What’s the true cost of gifts? Is convention and politeness adding to the burden of unsustainable consumption?
Go to a kids birthday party and what do you need? Card, present - check!
Why? Is it because that’s the way things have always been done? Do we feel rude, turning up without something in our hand, no matter how inane?
When choosing a gift, are you really considering what that child will love and play with? Are we ever considering what goes into making that item, how it’s packaged or where it was manufactured? What is more who has the time to consider this? Perhaps we make a more conscious choice because we’ve just watched Blue Planet 2 and are feeling a pang of guilt but essentially we chose based on budget and convenience.
How can that change and do we want it to?
Research shows that 65% of parents think children have too many toys given to them at Christmas and birthdays and 90% of us are too afraid to ask for money towards more useful things like activities.
With the tradition of “buying” a gift comes the issue of plastic/material consumption – the manufacture and shipment and what happens to items when we’re finished.
Children’s toys/gifts are contributing to our carbon footprint in ways we don’t even know about.
I’m sure most people are aware that over 90% of the toys we purchase in the UK are manufactured outside of the EU. Mostly coming from China. But do you how they get here and at what cost?
They are transported here on huge shipping containers across the sea. A single large container ship can emit cancer and asthma-causing pollutants equivalent to that of 50 million cars. They are then distributed throughout the UK by HGVs, HGVs contribute to 19% of our air pollution whilst only accounting for 5% of miles travelled in the UK.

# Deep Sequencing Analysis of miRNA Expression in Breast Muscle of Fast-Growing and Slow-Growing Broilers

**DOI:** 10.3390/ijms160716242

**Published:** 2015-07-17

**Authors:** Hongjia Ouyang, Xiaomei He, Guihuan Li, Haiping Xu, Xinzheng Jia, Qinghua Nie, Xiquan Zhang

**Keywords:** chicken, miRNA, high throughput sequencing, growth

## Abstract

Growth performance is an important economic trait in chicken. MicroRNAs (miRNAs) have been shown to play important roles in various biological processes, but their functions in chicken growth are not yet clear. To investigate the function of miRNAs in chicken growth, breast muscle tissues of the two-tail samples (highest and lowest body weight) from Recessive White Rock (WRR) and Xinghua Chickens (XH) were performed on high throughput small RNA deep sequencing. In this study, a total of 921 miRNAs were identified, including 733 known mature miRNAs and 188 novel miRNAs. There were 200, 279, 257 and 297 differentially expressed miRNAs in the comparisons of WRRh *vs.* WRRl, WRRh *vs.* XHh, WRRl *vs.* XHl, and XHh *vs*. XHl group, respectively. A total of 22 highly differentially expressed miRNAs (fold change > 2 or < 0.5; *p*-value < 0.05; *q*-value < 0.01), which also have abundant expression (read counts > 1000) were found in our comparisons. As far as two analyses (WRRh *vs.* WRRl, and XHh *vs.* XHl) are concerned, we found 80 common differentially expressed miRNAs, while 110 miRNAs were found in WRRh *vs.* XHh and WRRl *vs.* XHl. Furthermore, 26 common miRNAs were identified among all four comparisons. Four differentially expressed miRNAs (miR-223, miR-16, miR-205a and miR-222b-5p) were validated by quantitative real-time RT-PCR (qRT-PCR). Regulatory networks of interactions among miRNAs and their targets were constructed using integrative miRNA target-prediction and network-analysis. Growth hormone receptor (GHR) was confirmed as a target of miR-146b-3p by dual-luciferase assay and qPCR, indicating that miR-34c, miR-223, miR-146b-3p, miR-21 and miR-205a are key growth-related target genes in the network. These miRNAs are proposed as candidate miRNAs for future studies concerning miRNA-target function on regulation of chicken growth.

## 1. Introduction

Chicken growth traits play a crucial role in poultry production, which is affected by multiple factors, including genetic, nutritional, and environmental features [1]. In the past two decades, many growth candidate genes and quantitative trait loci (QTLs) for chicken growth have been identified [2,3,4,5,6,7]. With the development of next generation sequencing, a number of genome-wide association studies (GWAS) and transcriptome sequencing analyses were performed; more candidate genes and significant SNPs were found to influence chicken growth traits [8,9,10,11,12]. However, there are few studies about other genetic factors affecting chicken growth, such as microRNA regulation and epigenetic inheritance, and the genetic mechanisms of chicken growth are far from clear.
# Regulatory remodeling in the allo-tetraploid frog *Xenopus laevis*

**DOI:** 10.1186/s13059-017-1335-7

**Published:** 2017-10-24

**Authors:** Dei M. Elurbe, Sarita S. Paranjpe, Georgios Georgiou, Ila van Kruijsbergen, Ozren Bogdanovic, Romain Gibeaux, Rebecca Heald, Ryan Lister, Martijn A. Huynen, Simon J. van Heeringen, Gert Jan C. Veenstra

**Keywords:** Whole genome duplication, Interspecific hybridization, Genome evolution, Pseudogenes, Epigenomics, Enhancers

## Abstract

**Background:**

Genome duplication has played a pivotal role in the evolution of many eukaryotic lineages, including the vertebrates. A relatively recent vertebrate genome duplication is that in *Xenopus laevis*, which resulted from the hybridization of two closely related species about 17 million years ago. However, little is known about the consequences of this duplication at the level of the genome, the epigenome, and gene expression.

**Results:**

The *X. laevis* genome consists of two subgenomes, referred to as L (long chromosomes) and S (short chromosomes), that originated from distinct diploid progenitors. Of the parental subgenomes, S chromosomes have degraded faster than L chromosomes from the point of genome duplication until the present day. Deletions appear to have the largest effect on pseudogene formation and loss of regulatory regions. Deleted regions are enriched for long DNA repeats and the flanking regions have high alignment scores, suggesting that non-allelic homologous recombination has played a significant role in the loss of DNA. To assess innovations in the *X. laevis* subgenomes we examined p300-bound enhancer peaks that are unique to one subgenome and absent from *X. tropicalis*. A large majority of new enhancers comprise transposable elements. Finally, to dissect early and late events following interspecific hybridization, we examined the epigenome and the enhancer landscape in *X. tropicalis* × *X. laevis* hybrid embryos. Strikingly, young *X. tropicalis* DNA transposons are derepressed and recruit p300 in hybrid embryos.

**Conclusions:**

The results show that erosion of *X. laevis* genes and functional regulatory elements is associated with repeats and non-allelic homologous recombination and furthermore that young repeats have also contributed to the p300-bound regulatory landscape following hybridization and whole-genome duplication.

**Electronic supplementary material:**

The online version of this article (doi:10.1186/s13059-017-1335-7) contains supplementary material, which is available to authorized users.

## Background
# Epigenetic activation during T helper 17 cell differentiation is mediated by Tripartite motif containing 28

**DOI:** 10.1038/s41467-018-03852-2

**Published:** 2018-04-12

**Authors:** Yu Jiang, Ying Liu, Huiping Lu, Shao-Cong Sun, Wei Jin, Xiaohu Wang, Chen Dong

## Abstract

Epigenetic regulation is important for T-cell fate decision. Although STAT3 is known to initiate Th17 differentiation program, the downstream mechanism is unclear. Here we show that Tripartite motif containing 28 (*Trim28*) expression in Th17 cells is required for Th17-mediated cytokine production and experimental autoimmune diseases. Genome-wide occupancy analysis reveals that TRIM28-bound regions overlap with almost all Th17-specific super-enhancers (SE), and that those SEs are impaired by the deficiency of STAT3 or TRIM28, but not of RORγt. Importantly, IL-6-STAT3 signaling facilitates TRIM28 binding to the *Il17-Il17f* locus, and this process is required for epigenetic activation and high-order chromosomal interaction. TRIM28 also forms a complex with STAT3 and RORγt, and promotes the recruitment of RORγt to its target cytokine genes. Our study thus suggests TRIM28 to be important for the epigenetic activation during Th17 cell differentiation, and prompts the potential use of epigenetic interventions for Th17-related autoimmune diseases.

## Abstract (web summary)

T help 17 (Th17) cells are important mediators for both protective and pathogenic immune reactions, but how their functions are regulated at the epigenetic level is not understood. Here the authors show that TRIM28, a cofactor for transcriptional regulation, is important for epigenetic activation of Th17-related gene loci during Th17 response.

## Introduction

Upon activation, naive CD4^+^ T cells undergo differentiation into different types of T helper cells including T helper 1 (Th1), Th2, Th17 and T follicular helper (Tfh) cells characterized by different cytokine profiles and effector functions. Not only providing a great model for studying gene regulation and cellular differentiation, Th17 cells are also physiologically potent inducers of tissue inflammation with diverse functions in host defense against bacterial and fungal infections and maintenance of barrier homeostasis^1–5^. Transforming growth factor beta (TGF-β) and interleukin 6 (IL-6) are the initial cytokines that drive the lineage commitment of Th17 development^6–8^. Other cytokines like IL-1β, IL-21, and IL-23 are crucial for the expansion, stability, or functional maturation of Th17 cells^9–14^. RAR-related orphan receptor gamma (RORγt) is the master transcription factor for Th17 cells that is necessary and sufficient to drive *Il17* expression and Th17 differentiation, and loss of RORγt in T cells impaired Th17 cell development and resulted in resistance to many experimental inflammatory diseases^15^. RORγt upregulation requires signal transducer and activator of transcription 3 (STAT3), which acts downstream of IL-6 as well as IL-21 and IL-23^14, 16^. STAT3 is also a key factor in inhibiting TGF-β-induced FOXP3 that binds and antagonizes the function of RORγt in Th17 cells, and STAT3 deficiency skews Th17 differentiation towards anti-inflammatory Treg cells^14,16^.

What about the plastic that makes the toys – the majority of this is derived from virgin petrochemicals. Rarely do toy companies use recyclables because of the inherent risk to children (we’ve really come on since the days of lead based paint covering toys!). But these essential safety precautions mean that our toys are manufactured from non-renewables and consequently adding to the demand of a limited resource, not to mention the intrinsic carbon cost to source, transport and refine this raw material.
Many people agree that a revolution to our consumer culture needs to happen but how? And without the going to the effort of making a scarf yourself out of hemp you’ve had to buy from the organic shop 20 miles away!
One business has thought about how it can help parents, gift givers and children to solve the dilemma of what to get and avoid that deluge of plastic at particular times of the year. Gift Time For Kids has been created which allows parents to set up a wishlist of activities for their children. When friends are family are given the code they can access the childs wishlist, see the target amount needed and the activity the child wants to do. Unlike conventional “Gift experiences” these are not just for one-off days but more regular hobbies like swimming, rugby, football, gymnastics, baby sensory classes, music and more.
Giving as little as £5 towards a goal amount can pay for an activity, helping parents who have no idea what to get their child’s classmate, avoids wrapping, shopping and general faff of a kids birthday parties! Additionally the child then has a gift that will certainly be used throughout the year and without taking up their parent’s living room!
Businesses like Gift Time For Kids have founded a company which promotes sustainability but as an easier alternative to the convention, not more effort on the part of the consumer. Is this the avenue to make us change our ways or will it take more for us to give up our love of “buying”?